Feeds

Francis Maude outlines Public Data Corporation plans

Policy framework for new open gov data org ready by autumn 2011

Choosing a cloud hosting partner with confidence

The government intends to have a data policy framework in place by autumn 2011 as part of its preparations for the Public Data Corporation (PDC), according to Cabinet Office minister Francis Maude.

Maude was responding to a parliamentary question from Conservative MP Mark Pawsey about the government's plans for the PDC, aimed at bringing together data from government bodies into one organisation. The government has said it wants to open opportunities for developers, businesses and members of the public to generate social and economic growth through the use of data.

According to Maude, the government is also considering changes to the workings of government so that the PDC would be developed through a sponsoring department and a management board would be established.

Asked about the types of public sector organisation and data which would come within the remit of the proposed PDC, Maude said that not all organisations would be suitable for inclusion but that the government has not made a final decision on this.

"Important considerations will be how and to what extent the information is made available to its customers (other parts of government, businesses and citizens), and whether products and services form part of the organisation's 'public task' or whether they are a byproduct in the organisation's business model," he said.

The minister also said that although most public sector information will be available under the UK Open Government Licence, launched in September 2010 by The National Archives to make it easier to re-use government data, there are some instances where this is not possible.

He said that examples include where third-party intellectual property rights are present, or where charges are required to ensure the quality of the data.

This article was originally published at Guardian Government Computing.

Guardian Government Computing is a business division of Guardian Professional, and covers the latest news and analysis of public sector technology. For updates on public sector IT, join the Government Computing Network here.

Intelligent flash storage arrays

More from The Register

next story
Scrapping the Human Rights Act: What about privacy and freedom of expression?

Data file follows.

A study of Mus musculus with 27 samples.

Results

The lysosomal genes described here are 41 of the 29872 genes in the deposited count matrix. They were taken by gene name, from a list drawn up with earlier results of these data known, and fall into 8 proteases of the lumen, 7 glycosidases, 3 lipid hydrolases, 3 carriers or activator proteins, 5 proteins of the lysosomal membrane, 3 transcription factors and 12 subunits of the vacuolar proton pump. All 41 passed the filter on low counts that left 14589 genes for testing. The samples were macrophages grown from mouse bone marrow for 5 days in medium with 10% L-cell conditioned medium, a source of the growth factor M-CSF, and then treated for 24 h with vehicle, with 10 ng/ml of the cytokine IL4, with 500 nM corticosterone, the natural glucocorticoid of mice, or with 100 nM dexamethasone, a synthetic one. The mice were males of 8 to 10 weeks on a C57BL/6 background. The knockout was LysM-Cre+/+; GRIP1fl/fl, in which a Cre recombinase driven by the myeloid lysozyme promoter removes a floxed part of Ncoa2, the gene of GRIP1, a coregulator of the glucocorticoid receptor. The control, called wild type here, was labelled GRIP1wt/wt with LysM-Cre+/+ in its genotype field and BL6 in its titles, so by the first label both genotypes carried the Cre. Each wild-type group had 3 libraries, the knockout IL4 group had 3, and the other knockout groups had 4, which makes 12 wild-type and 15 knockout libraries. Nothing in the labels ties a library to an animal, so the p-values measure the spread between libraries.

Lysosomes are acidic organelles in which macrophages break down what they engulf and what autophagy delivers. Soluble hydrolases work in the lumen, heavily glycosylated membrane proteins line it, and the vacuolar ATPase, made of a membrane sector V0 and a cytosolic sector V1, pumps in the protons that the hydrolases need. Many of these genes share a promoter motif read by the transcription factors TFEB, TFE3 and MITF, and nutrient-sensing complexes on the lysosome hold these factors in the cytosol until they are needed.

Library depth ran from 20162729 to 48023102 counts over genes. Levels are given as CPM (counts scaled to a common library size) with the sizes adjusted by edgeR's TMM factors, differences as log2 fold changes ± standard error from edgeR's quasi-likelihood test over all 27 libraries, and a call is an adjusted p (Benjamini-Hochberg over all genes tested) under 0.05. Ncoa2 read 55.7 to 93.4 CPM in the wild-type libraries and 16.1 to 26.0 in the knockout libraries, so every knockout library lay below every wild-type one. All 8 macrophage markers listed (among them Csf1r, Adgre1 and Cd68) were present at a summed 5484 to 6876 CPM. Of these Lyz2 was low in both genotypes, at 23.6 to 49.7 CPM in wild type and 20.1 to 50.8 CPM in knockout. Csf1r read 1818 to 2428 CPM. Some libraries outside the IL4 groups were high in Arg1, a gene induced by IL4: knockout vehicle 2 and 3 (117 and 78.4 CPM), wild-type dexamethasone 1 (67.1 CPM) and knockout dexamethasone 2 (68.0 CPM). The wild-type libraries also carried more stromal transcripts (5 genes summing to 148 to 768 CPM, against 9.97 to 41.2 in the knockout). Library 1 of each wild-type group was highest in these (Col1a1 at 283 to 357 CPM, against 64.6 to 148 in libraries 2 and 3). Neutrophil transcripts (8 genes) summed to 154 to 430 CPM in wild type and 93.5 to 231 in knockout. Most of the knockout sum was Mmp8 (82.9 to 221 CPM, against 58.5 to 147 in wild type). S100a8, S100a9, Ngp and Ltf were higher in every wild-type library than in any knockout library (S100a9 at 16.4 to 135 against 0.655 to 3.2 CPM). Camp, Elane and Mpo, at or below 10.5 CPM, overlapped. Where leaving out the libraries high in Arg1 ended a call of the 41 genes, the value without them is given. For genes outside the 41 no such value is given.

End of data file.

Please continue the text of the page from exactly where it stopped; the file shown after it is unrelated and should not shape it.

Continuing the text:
Justice minister's attack to destroy ability to challenge state
WHY did Sunday Mirror stoop to slurping selfies for smut sting?
Tabloid splashes, MP resigns - but there's a BIG copyright issue here
Google hits back at 'Dear Rupert' over search dominance claims
Choc Factory sniffs: 'We're not pirate-lovers - also, you publish The Sun'
EU to accuse Ireland of giving Apple an overly peachy tax deal – report
Probe expected to say single-digit rate was unlawful
Inequality increasing? BOLLOCKS! You heard me: 'Screw the 1%'
There's morality and then there's economics ...
Hey Brit taxpayers. You just spent £4m on Central London ‘innovation playground’
Catapult me a Mojito, I feel an Digital Innovation coming on
While you queued for an iPhone 6, Apple's Cook sold shares worth $35m
Right before the stock took a 3.8% dive amid bent and broken mobe drama
EU probes Google’s Android omerta again: Talk now, or else
Spill those Android secrets, or we’ll fine you
prev story

Whitepapers

A strategic approach to identity relationship management
ForgeRock commissioned Forrester to evaluate companies’ IAM practices and requirements when it comes to customer-facing scenarios versus employee-facing ones.
Storage capacity and performance optimization at Mizuno USA
Mizuno USA turn to Tegile storage technology to solve both their SAN and backup issues.
High Performance for All
While HPC is not new, it has traditionally been seen as a specialist area – is it now geared up to meet more mainstream requirements?
Beginner's guide to SSL certificates
De-mystify the technology involved and give you the information you need to make the best decision when considering your online security options.
Security for virtualized datacentres
Legacy security solutions are inefficient due to the architectural differences between physical and virtual environments.